David Bowie’s Debut Album: Going Back To Where It All Began
Released at the dawn of the Summer Of Love, David Bowie’s debut album contains the seeds of ideas that he would return to throughout his career.
Born on January 8, 1947, David Bowie was 20 by the time he released his self-titled debut album, on Deram, on June 1, 1967. By then he had already made his way through London-based blues and rock’n’roll outfits The King Bees and The Konrads, flirted with the mod scene as singer for The Lower Third, fronted garage outfit (and indulged his early love for The Velvet Underground) in The Riot Squad, and was immersing himself in Lindsay Kemp’s dance school. David Bowie’s debut album saw yet another shift – one that contained a multitude of styles.
It’s perhaps unsurprising that, at such an early stage in his career, Bowie was yet to synthesize all his influences into the unique vision he would later unleash on the likes of Low, The Rise And Fall Of Ziggy Stardust And The Spiders From Mars, and countless other envelope-pushing long-players, but what is remarkable about David Bowie’s debut album is that, underneath the vaudeville kitsch and music-hall sheen, it contains the seeds of ideas that Bowie would return to throughout his career.
Listen to David Bowie’s debut album on Apple Music and Spotify.
First, there’s the undeniable pop sensibility that, no matter what guise Bowie was working under, permeated his music: “Love You Till Tuesday,” (and period non-album singles “Can’t Help Thinking About Me,” and “I Dig Everything,”) are undeniably catchy earworms that, while ultimately failing to make a dent on the charts, proved that Bowie always had one eye on mass appeal. (And then there’s “The Laughing Gnome,” another standalone A-side that tipped a cap to his early influence, Anthony Newley, and has been a perennial fan favorite throughout his entire career.)
Elsewhere, on “We Are Hungry Men,” Bowie assumes the mantle of a messiah (sound familiar?), while positing a world where the population count has reached “danger point” and civilians threaten cannibalism. It’s the sort of dystopian theme that would run rife through later outings, such as Ziggy Stardust’s opening cut, “Five Years,” and the 1984-indebted tracks that make up much of Side Two of Diamond Dogs. “She’s Got Medals,” meanwhile, with its insistent bass and cross-dressing protagonist, is a direct precursor to Hunky Dory’s “Queen Bitch,” – and, as such, ushers in Bowie’s entire gender-bending oeuvre.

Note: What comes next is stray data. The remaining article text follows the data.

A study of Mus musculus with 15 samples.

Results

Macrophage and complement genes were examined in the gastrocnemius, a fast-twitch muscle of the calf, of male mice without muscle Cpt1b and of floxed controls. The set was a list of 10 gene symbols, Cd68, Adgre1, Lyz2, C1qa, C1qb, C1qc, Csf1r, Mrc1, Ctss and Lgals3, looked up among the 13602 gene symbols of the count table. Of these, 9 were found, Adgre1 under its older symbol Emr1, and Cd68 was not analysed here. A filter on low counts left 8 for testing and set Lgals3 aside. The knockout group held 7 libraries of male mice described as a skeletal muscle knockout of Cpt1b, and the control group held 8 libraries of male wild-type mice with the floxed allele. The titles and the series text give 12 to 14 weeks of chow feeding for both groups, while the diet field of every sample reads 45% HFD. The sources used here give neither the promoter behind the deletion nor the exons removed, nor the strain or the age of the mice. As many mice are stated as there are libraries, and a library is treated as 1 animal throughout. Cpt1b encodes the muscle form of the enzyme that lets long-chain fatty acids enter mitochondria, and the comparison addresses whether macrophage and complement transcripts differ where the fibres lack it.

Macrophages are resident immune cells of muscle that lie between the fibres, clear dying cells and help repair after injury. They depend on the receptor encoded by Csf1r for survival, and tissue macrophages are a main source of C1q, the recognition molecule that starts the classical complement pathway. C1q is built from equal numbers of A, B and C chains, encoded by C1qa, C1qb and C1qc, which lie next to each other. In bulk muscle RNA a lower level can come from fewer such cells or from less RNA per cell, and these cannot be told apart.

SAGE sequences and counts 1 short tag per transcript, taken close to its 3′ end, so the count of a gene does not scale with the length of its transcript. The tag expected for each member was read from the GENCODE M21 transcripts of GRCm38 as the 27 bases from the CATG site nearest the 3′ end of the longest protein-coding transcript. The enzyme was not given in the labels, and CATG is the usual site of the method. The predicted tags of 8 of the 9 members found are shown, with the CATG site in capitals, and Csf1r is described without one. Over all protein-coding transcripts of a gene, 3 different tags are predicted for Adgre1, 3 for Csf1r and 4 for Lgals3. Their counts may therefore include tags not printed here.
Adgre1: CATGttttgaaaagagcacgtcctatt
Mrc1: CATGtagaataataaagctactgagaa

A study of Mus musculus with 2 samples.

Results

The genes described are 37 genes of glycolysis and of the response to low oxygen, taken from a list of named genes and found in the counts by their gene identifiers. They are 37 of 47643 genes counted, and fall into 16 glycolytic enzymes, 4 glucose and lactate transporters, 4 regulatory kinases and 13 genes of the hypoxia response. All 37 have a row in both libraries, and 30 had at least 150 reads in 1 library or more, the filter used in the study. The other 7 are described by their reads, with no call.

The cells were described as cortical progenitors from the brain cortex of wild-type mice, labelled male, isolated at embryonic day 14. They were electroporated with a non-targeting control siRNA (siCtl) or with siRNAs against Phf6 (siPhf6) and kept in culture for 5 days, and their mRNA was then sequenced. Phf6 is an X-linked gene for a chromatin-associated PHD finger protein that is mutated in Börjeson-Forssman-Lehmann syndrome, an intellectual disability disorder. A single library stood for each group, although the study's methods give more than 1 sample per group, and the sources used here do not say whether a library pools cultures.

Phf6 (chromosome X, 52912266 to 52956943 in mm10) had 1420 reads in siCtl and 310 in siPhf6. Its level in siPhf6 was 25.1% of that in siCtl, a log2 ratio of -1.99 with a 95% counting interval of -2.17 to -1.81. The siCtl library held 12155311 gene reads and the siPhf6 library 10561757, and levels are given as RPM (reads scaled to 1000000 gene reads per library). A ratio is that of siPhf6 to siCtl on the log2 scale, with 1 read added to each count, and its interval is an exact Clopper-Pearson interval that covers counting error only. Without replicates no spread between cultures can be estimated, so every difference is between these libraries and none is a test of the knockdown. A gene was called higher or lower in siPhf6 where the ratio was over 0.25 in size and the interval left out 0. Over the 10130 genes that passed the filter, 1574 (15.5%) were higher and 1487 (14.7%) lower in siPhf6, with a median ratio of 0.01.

Deluxe reissues of the album have also made it clear that Bowie was as prolific in this early stage in his career as he was during his breakneck 70s period. A slew of bonus tracks reveal further facets of Bowie’s music from the late 60s, among them “Let Me Sleep Beside You,” an early excursion into the folk-rock that Bowie would explore on his follow-up LP.
David Bowie’s performance in the charts (it struggled to No.125 in the UK) was perhaps hindered by the fact that it was released on the same day as The Beatles’ all-consuming Sgt Pepper’s Lonely Hearts Club Band. By this point, however, Bowie himself had, typically, moved on to the next thing. BBC sessions from December ’67 and May ’68 see him edging out the LP’s material for newer work. By summer 1969 he had hit upon “Space Oddity,” and his career was truly in lift-off.